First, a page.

Late Night Eating Could Increase Your Risk Of Heart Attack

Late Night Eating

The time you eat could be just as important as what you eat. So you could be fuelling your risk of heart attack by eating your dinner after 8pm.

New research reveals a link between eating late and a lethal form of high blood pressure which can trigger heart attacks.

The correlation between the types of foods eaten and the timing of evening meals shows eating dinner late has the biggest single impact on overnight blood pressure.

The research is the world’s first into the links between late night eating and “non-dipper hypertension”.

The new study suggests eating late at night had a far greater impact than missing the first meal of the day.

It is normal for blood pressure to reduce overnight, even in people with hypertension, more commonly known as high blood pressure.

Skipping breakfast also makes you more likely to fail to see an overnight dip in pressure.

It has been discovered that having dinner less than two hours before bed time does more damage than the long-established risk of having a high salt diet. In fact, going to bed could be a warning sign of serious heart problems.

A healthy diet meant eating a good breakfast and lunch, but limiting the last meal of the day to a light meal, ideally no later than 8pm, researchers said. Hypertension is one of the key risks for heart disease.

In 40 percent of cases, blood pressure fails to drop properly overnight, sharply increasing the chance of heart attacks.

The study found that those who eat dinner late are much more likely to suffer from this “non-dipper hypertension”—the lethal form of high blood pressure where pressure fails to drop properly overnight.

In total 24 percent of those who ate dinner within two hours of going to bed suffered from blood pressure which did not drop sufficiently overnight, compared with 14 percent of those who ate their evening meal earlier.

Experts said that eating late leaves your body on “high alert”, encouraging the production of stress hormones, such as adrenaline, while it might also disrupt the circadian rhythms.

But this had less impact than late night eating. This might be explained by the fact those who ate late night were more likely to skip breakfast, researchers said.

Experts say modern life is encouraging people into “erratic” eating habits which could prove deadly. Normally at night, your body is getting ready for sleep but not if you are eating late.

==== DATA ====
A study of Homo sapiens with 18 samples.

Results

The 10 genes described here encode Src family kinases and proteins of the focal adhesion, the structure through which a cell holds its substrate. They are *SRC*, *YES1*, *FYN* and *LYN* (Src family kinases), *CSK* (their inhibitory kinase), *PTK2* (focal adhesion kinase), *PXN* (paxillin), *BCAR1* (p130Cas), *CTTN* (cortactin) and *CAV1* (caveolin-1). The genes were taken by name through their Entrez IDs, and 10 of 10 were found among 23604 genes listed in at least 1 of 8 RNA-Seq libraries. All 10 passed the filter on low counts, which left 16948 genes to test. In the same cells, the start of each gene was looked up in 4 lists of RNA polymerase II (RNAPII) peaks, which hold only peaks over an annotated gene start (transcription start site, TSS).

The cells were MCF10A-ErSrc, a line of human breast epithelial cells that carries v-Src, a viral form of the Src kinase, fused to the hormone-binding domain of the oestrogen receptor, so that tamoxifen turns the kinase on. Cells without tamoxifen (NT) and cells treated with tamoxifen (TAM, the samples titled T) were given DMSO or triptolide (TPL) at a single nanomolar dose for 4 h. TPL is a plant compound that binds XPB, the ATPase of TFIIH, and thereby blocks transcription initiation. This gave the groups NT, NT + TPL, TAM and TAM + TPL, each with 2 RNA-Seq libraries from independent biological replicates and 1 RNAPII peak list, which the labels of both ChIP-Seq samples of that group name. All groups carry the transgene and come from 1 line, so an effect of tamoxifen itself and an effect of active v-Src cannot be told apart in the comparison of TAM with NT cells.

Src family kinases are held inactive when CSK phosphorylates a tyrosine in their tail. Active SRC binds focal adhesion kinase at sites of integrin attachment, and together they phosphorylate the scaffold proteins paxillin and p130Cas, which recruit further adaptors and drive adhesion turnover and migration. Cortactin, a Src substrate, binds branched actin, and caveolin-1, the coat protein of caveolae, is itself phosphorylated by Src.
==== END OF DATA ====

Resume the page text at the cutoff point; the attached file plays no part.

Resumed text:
If we eat late at night, the body essentially remains on high alert as during the day, rather than relaxing for sleep and stress hormones are secreted causing blood pressure not to decrease during sleep which should normally happen. We must define the ideal frequency and timing of meals because how we eat may be as important as what we eat.


Blood pressure is supposed to drop by at least 10 per cent at night, to allow the body to rest and recover from the day. If it remains raised, it significantly boosts your risk of heart disease and heart attacks.

Studies have linked late night eating to a higher risk of obesity, and to insulin resistance, which can fuel Type 2 diabetes.

Foods to avoid before going to bed
Eating right before bed is a recipe for gaining weight and sleeping poorly, but it can also seriously damage the tissue in your throat and esophagus. The single greatest risk factor is, by far, the time that people eat dinner. Have supper no later than three hours before bed. But even if you manage to do that, be aware that late-night snacking can have the same ruinous effect.

If you are going to hit the fridge before you hit the sack, here are eight items you should never, ever grab.

Alcohol
It relaxes the valves that connect the stomach and esophagus. When this happens, your body is unable to keep food where it belongs.

Soft drinks
Soft drinks are acidic and actually more acidic than anything found in nature. The acid damages those same valves. Plus, carbonation increases stomach pressure.

Chocolate
Certain flavours are high in fat—which comforts and relaxes the valves, too

Cheese
It’s another fatty food, but if you must indulge, hard varieties such as Parmesan and Swiss have less of a reflux effect than softer types such as feta and mozzarella. (Yes, that means no pizza.)

Nuts
When it comes to reflux, fat is fat, whether saturated or unsaturated. So despite the fact that nuts generally contain a healthy dose of the latter, they should be avoided before bed.

Citrus
It’s also highly acidic. A glass of orange juice or a green Apple are your worst choices, but some people can eat red apples without problems—it depends on the person.

Coffee
Not only is it inherently acidic, but the caffeine it contains also generates additional stomach acid. If you must sip, decaf generally has lower acid levels than regular.
Anything that’s low in acid, such as bananas, a bowl of low-sugar cereal with low-fat milk or chamomile tea are soothing fill you up and settle the stomach.